Revisiting the Insider Threat

In a previous post, I commented on the insider threat as an area often overlooked, particularly in smaller enterprises. Two variations of the insider threat were discussed: (1) the insider out for financial gain, and (2) those intent on settling a score. Reading various news articles this morning, it occurred to me that there is a third variation which is much more passive and insidious.

Sophisticated hackers these days are less focused on attacking the perimeter of organizations since many larger organizations have invested in effective security measures. Instead of battering away at the corporate gates, criminals are focusing on individuals and those individuals just happen to be a company’s insiders. If we leverage the analogy comparing this passive insider threat to the world of microbiology, our insiders would be carriers since they may not necessarily be outwardly trying to do the business harm, yet they carry the malware which infects the enterprise and subsequently can cause harm.

The sophisticated attackers are targeting our users because they represent the low hanging fruit of opportunity:

  • Up to three quarters of vulnerabilities exist in user systems and often, these are not patched on a timely basis which renders then easily vulnerable to know exploits.
  • Approximately a third of our users will lose their devices in any given year.
  • There exists a generational gap where younger workers are more trusting, apt to share their devices, and have different views on privacy than older workers.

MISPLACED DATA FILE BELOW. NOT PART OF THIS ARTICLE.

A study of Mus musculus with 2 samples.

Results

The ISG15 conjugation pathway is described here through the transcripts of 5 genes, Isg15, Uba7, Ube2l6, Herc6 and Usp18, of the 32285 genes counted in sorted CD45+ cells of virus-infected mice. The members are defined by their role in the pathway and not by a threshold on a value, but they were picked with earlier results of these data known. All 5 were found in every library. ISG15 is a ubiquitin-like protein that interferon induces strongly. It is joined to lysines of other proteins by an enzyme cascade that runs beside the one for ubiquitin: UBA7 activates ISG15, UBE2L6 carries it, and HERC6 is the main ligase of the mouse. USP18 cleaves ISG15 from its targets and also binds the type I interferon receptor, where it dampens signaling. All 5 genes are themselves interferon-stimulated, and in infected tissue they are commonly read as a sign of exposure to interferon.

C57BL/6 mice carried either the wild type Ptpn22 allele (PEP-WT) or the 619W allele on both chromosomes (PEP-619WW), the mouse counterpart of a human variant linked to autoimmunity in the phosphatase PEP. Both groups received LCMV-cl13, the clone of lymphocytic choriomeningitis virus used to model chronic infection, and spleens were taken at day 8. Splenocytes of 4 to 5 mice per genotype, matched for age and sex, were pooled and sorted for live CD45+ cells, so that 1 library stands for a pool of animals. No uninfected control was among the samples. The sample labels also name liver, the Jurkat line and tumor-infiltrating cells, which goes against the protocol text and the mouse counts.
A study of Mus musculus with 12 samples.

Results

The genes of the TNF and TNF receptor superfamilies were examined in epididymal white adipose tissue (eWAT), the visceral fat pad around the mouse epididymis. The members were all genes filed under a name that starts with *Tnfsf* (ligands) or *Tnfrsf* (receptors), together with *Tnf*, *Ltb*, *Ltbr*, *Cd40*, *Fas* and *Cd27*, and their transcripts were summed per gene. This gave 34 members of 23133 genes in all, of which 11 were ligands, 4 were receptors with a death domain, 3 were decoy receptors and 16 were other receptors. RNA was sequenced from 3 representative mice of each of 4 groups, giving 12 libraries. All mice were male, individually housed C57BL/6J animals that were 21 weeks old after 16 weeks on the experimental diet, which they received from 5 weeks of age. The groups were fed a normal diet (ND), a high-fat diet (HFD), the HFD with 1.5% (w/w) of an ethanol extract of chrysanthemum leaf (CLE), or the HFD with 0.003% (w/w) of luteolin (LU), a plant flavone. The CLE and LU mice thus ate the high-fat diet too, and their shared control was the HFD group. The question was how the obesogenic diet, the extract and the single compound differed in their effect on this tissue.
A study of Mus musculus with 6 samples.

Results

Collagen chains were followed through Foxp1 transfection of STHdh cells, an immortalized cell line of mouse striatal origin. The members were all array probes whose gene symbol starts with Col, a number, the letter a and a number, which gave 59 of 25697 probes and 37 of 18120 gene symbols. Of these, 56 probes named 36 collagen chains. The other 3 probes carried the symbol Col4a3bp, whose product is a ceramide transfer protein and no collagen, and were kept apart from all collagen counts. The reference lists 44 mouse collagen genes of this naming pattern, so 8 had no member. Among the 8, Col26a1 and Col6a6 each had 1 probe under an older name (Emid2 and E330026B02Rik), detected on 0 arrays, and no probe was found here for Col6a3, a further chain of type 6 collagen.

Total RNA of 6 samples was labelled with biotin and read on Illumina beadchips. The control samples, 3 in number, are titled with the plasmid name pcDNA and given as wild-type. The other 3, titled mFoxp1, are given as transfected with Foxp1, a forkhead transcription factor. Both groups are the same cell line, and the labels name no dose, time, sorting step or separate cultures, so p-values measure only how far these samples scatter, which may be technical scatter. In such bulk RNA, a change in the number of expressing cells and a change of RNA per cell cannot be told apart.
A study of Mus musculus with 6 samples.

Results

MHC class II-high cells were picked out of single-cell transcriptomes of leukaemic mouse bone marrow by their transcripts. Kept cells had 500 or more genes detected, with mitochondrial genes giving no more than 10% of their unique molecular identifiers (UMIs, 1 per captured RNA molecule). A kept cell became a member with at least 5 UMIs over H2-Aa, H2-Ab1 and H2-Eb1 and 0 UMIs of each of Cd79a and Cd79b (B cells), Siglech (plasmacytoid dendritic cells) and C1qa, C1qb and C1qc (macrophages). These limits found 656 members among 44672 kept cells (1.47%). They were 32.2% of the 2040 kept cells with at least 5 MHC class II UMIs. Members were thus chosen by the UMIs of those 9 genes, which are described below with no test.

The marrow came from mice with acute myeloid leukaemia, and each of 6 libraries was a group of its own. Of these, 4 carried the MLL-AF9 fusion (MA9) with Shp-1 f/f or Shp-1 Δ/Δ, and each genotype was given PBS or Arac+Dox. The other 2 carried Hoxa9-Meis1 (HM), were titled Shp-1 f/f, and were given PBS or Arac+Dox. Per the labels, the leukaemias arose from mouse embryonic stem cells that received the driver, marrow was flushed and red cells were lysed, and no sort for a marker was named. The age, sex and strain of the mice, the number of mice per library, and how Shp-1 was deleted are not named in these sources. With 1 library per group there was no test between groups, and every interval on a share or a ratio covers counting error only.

There are also differences between larger enterprises and the smaller businesses. Small businesses frequently have less to invest in security and hence become targets for criminals seeking a path into the larger organizations.

While traditional, static perimeter defenses are still necessary, the real perimeter is increasingly at the user level and an adaptive defense posture is necessary where each user essentially has a customized policy. A four pronged approach should be deployed at the user level including:

  1. Mobile Device Management (MDM) – Employees are increasingly bringing more “things” into the corporate network and the proliferation of tablets and smartphones is just the start of it. Recently, it was reported that the next version of Google Glass will be focused on the business market! While ownership of the devices remains with the employee, MDM applies the appropriate levels of controls to the demarcation of user vs. corporate data and applications.
  2. Network Access Control (NAC) – Mobility means that devices come and go as well as connect in many different places. The business has no way of initially knowing what, if any malware has been acquired by employees when their devices were connected elsewhere. NAC, when implemented correctly, assesses the situation whenever a mobile devise comes back to the corporate network and determines what level of access will be allowed. In cases where malware is found, access can be restricted to a very basic level until the issue has been resolved by the IT and/or security teams.
  3. Data Leakage Prevention (DLP) – DLP can require significant upfront effort to configure although once effectively implemented, can help prevent sensitive company data from being leaked or stolen. Combined with MDM and NAC, adding DLP implements an effective trifecta of adaptive controls around the user perimeter.
  4. Lastly, as discussed in a prior post, implementing egress filtering is important for any organization, regardless of how large or small. There simply is no reason, short of laziness, to permit all traffic to traverse outbound unless it is necessary.

Have questions? Not sure where to start? Contact us for a free assessment.